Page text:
I am afraid that teachers are often in the same situation as I am when my car breaks down. It works fine and I can drive it. But the moment something goes wrong I am helpless and have to call in the experts. In the case of spelling difficulties, experts are seldom available and those who are available are not always particularly expert.
Most children do learn to spell because they notice words and get interested in them and want to get them right and this would happen whatever the teachers did. But few teachers understand how the spelling system works, nor how the child's mind is working when they learn it. So, like me with my car, they can't put it right. I am afraid an awful lot of time is wasted in most schools on spelling lessons which are hopelessly ineffective.
One cause of trouble is that adults who can already read and write experience things very differently from young children who are just beginning. Once we know how a word looks we pay little attention to how it sounds and we think we hear the sounds which are supposed to be made by the letters we can see. But children who have not yet seen the word and can only hear it may experience something very different.
For instance we think we can hear the p in spin, because we have seen it again and again and know that that is how it is spelled. But to many children, who have never seen the word and are trying to work out how to write it, that p sounds like a b. There are huge numbers of other words with other spelling patterns, where an adult's perceptions of the sounds, because s/he is already a competent reader and speller, are quite different from those of the child, who is beginning to learn. This problem develops beyond the mere misspelling of the words. The children realise that they are not hearing what the teacher expects them to. That creates confusion in the children, anxiety in the teacher and, worse, a lowering of confidence all round in the children's ability and in the spelling system.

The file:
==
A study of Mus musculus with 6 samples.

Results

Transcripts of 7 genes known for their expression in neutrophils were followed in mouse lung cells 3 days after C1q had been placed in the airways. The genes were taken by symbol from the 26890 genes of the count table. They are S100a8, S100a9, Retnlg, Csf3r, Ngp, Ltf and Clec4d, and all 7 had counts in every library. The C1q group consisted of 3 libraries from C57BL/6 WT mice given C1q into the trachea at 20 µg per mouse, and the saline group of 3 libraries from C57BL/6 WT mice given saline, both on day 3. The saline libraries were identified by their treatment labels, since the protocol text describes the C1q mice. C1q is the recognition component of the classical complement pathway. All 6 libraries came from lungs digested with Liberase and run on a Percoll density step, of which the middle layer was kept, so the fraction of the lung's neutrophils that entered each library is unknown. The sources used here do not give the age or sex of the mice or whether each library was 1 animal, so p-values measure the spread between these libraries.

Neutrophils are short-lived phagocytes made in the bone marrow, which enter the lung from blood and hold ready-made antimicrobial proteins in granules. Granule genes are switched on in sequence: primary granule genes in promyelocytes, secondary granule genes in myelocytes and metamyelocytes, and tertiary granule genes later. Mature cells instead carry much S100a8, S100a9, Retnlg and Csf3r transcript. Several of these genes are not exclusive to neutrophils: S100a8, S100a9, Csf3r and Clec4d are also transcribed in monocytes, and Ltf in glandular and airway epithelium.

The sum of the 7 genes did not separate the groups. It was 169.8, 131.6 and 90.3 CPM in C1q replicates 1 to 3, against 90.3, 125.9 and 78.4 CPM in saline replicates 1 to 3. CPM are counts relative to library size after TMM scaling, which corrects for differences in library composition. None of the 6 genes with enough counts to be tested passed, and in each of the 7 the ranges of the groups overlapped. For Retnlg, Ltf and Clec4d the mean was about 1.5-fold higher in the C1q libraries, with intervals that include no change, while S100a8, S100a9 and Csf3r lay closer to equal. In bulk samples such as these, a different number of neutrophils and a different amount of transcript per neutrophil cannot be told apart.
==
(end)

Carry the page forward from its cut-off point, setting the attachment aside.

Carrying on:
Another difficulty for teachers is that children learn to spell in stages and we need to be able to recognise these and know the sequence of them if we are to teach effectively. Some misspellings, which would be a worry if they came from a child of eight are a sign of normal progress in a child of six or seven. This can cause teachers to become alarmed and see problems where there are none and also sometimes to overlook real problems.
It is not the teachers' fault. They have little training in teaching reading and almost none for spelling, which has been a topic almost totally ignored for decades by teacher trainers and by educational research. Such training as they have received is based on faulty research. A great many teachers feel frustrated and discontented about this, knowing well they should be doing better. However, some people are working on it now and it is possible to get hold of the facts about spelling and wise advice for teaching it - that is, of course, if we know where to look and are resourceful and determined!